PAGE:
Stevenson and I met the day before his deployment in October 2006. It was Halloween night and I was dressed as Frida Kahlo, Dia de los Muertos style with skeleton makeup on my face. My friends and I were dancing at the SpeakEasy and I noticed Stevenson grinning from the sidelines. I motioned for him to join us on the dance floor. That sparked the beginning of a friendship that has evolved into something more like family. During the past 15 months we've exchanged countless emails between Austin and Iraq, gradually learning more about each other.
Things I have learned about him:
- This is his fourth tour in the Middle East.
- He's the son and only child of a Haitian father and an English-French mother.
- He was raised in Florida and spent his youth attending a private boarding school.
- He's a big fan of opera and classical music, and he speaks French.
- His dialect is a one-of-a-kind mix of Creole, French and American English.
- He has been in the military for eight years. During that time, he has been peppered with bullets; survived countless IEDs (improvised explosive devices) and fire fights; rescued stranded civilians and comrades; helped build a school, a fire station and a clinic; lost a comrade to suicide; and lost several more in battle.
- January 2008 marks the end of his time in combat. If the current plan sticks, Stevenson will have only stateside assignments for his remaining three years of Army service.
So, it's a little after 5 a.m. and I'm now heading to Fort Hood, where more than 33,000 soldiers and their families are posted. Today there are two "Returning Heroes Ceremonies" scheduled. Stevenson will be in the second group, arriving at 10:45 a.m. Between now and then, I have to go to the Fort Hood visitors center to get a day pass for my vehicle and then drive onto the base in search of Cooper Field, where loved ones will reunite with their soldiers.
However, when I pull out of the visitors center parking lot, I accidentally take a ramp that leads straight to the Army base. No turning around. I approach what looks like a row of toll booths with armed guards at each station. I tell the guard that I don't have a day pass yet, that I made a wrong turn. She asks for my license, registration and proof of insurance. I show her my papers. She tells me I can go on base but I have to return to the visitors center when it opens to get a pass for my car.
Before turning around, I decide to drive to Cooper Field. I want to make sure I know how to get there. The buildings on base are lit brightly, but they're surrounded by large open fields, cloaked in darkness. I'm one of only a few cars on the road; soldiers with flashlights stand at each intersection, waving me to proceed through the red lights.
Minutes later the music changes. It sounds like air traffic controllers speaking over a dramatic score. The Brigadier General is at the podium again. "Ladies and Gentlemen, the moment you've been waiting for. Here come our heroes." Precisely on cue, a police cruiser with lights and sirens blaring leads a caravan of six white buses up the street on the opposite side of Cooper Field; they stop when they reach a point that's directly across from the bleachers. People jump to their feet, screaming and hollering. Some kids are cheering, but the younger ones grasp their moms' legs, not understanding the abrupt commotion. There's a sick heavy pounding in my chest and tears fill my eyes. I'm simultaneously excited and frightened by the intensity of emotion around me. The buses sit across from us for what seems like forever; we're straining our necks to see what's going on. Then suddenly, like a scene from "Extreme Home Makeover," the caravan of buses slowly pulls away, unveiling a formation of soldiers standing at attention in the street. The sea of grayish-green fatigues is like a mirage. The music changes to a patriotic score and the soldiers begin marching toward us. As they get closer, I see their faces more clearly; many are blotchy red, raw with feeling. Brows are furrowed. Lips pressed hard. Mid-field, the soldiers stop. The music stops. The crowd in the bleachers falls silent. Then someone calls out from the stands: "I can see you, Tanya!" A woman's voice cracks: "I love you, Scott!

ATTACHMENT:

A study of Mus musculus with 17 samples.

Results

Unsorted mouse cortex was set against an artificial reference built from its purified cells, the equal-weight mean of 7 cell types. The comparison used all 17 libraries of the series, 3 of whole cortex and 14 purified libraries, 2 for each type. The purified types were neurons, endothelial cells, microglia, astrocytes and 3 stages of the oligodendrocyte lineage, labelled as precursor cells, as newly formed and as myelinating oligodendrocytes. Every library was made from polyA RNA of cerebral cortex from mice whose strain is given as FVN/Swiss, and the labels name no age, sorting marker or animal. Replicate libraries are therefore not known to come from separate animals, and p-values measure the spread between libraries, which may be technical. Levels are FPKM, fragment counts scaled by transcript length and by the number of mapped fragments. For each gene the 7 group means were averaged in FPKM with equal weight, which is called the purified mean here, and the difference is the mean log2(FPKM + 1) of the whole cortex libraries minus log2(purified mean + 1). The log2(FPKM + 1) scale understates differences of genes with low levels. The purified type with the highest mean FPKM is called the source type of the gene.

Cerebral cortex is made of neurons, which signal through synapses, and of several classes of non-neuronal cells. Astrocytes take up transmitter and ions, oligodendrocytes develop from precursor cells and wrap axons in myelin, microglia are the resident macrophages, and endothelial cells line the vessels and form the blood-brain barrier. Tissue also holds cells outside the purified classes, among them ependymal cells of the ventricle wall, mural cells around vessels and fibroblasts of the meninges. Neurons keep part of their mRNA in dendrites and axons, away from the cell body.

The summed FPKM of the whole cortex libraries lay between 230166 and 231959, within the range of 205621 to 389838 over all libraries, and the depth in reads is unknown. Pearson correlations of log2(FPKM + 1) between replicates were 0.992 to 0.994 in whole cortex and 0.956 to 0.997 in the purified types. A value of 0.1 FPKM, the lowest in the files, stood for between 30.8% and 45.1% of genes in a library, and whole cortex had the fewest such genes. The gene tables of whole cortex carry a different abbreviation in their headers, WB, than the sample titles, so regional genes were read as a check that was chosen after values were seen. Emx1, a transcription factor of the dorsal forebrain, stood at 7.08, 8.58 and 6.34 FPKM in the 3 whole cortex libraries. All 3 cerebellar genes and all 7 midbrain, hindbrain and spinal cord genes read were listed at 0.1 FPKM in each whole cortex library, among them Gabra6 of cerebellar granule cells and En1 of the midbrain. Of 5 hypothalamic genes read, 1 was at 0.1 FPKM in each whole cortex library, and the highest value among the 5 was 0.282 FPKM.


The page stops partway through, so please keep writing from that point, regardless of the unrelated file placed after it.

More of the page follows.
After a moment, he tells me we have to go get his bags. It feels surreal, like I'm greeting a friend at Bergstrom airport. We walk over to a warehouse filled with Army green duffel bags stacked in rows -- it's baggage claim at Fort Hood. Soldiers holding their children or walking arm-in-arm with their spouses search for their gear.
"I can't believe you're here either!"
"You look great!"
"You look great too!"
"Look at you, man. You've lost weight!"